Today, British police said they arrested a 19-year-old man in connection with distributed denial of service attacks on, among other sites, the U.S. Senate and the CIA. Police said Ryan Clearly was linked to the hacker activist group LulzSec.
Investigators believe the arrest is significant and linked to the attacks based mainly at websites belonging to US institutions and organisations.
The operation involved two British forces as well as the US Federal Bureau of Investigation (FBI).
The police said they believed the attacks were linked and were carried out by the same group of hackers.
LulzSec is a group that operates in much the same way as its better known cousin Anonymous, which has been in the news lately because of its connection to the Sony Playstation hack that exposed the personal information of its customers.
LulzSec has come into the scene recently. Here's Wired with some history:
LulzSec won overnight attention when it cracked PBS last month to protest Frontline's hour-long documentary on WikiLeaks. In that hack, the group stole and posted thousands of stolen passwords, and put up a fake news story on a PBS Newshour blog.
The group has also claimed responsibility for hacking multiple Sony websites, and Fox.com, where the group stole and posted 363 employee passwords and the names, phone numbers and e-mail addresses of 73,000 people who had signed up for audition information for the upcoming Fox talent show The X-Factor. More recent hacks have included defacement of two regional websites for InfraGard — a kind of cybersecurity neighborhood watch sponsored by the FBI — and crude DDoS attacks against the CIA and other lulzkillers.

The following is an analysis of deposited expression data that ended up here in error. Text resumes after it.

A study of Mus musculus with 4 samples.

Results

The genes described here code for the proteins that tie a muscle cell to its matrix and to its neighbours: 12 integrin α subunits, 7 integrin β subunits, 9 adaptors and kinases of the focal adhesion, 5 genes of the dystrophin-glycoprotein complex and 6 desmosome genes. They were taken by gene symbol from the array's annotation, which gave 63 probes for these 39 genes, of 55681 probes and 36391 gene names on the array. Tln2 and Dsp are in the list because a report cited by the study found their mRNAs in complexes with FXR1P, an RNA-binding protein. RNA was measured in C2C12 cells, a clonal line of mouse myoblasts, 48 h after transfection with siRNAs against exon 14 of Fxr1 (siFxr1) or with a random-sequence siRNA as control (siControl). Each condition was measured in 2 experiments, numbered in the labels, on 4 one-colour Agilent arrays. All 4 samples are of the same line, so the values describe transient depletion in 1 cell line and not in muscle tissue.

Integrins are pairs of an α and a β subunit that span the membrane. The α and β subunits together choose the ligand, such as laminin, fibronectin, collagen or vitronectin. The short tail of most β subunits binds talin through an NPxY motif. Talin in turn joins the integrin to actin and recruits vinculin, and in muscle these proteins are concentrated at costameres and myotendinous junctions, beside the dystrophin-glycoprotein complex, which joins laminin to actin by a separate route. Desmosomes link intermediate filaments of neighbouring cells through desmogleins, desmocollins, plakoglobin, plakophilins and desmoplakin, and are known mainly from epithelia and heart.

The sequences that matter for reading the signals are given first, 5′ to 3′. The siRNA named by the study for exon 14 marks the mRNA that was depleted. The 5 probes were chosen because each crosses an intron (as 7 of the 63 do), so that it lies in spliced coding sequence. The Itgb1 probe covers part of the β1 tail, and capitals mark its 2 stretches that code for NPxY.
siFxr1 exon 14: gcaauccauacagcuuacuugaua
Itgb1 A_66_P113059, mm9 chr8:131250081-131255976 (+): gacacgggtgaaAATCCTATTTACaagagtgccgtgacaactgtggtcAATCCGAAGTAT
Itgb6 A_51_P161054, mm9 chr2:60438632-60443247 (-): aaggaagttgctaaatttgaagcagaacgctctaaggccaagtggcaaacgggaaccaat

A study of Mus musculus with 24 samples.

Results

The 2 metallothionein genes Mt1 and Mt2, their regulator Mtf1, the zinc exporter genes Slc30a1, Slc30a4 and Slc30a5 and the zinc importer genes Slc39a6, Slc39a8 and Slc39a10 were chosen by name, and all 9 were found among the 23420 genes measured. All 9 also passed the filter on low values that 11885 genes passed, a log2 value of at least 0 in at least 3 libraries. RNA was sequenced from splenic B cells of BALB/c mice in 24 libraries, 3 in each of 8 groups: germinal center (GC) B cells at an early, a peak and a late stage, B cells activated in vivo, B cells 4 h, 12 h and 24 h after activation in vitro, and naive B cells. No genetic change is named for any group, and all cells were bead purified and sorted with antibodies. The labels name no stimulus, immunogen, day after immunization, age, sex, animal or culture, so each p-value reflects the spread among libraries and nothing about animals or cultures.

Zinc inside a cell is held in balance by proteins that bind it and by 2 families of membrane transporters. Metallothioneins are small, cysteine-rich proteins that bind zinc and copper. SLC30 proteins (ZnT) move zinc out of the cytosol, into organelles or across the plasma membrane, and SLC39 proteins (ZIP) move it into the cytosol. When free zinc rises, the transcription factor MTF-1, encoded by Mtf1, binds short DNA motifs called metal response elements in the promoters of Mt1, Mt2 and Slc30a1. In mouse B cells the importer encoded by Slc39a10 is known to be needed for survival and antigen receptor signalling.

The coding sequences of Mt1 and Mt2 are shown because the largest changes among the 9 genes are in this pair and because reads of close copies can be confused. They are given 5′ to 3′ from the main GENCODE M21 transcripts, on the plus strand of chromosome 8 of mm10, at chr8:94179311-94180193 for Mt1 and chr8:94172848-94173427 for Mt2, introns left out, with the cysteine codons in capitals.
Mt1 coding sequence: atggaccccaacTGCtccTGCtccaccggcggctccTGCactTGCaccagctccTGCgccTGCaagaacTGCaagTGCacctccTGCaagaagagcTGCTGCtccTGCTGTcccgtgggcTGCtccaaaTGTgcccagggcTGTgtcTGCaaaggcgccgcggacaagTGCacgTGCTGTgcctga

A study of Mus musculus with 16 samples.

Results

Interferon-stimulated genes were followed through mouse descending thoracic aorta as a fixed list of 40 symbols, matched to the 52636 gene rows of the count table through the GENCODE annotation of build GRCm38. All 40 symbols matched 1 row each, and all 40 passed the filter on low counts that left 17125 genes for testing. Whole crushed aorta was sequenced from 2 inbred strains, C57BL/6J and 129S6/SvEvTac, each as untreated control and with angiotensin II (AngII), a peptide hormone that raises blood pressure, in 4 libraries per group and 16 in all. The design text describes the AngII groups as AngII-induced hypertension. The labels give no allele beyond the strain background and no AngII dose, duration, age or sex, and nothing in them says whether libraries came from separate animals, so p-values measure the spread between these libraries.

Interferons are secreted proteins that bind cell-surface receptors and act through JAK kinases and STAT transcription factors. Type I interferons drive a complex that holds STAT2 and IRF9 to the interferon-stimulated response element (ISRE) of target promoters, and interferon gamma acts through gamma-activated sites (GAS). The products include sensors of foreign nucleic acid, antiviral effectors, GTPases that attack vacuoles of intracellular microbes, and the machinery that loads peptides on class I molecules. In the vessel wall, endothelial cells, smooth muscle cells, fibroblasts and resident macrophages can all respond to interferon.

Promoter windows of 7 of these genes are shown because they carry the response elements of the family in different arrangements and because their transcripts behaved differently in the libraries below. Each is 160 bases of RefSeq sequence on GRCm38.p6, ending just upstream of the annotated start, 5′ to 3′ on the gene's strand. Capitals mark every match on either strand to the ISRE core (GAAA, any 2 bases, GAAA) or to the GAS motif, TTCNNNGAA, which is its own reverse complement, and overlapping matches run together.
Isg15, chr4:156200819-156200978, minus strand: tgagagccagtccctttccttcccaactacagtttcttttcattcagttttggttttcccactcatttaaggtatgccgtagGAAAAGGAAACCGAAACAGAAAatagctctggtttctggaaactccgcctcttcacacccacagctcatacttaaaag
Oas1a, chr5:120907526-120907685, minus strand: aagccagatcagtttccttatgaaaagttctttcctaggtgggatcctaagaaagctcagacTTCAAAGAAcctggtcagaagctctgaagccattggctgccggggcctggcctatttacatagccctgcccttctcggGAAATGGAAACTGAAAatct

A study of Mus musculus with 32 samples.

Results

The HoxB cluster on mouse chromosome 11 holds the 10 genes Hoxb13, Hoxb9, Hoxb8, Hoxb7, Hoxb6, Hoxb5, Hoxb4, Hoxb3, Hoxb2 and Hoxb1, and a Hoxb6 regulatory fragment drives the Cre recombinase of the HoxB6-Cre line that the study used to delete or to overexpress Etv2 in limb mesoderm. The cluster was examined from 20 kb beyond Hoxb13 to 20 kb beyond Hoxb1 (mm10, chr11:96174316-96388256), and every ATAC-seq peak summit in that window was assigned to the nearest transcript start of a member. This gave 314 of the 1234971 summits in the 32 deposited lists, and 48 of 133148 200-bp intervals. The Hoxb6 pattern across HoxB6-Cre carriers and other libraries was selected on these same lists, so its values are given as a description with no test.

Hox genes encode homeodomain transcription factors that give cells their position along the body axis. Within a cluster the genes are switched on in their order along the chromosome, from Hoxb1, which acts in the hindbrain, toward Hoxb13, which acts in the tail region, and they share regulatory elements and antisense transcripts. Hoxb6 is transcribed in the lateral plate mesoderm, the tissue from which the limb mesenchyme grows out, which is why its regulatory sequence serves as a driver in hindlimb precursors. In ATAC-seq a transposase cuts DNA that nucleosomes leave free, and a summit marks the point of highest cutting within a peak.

On June 19, LulzSec announced Operation Anti-Security, an all-out rebellion against all governments:
Top priority is to steal and leak any classified government information, including email spools and documentation. Prime targets are banks and other high-ranking establishments. If they try to censor our progress, we will obliterate the censor with cannonfire anointed with lizard blood.
After British police announced the arrest of Clearly, they responded with this tweet:
Seems the glorious leader of LulzSec got arrested, it's all over now... wait... we're all still here! Which poor bastard did they take down?
The group then said he was not a leader in LulzSec. Then, they tweeted this:
Clearly the UK police are so desperate to catch us that they've gone and arrested someone who is, at best, mildly associated with us. Lame.
Shortly after, in a release addressed to the "FBI & other law enforcement clowns," they posted the personal information of two people they said "snitched" on them.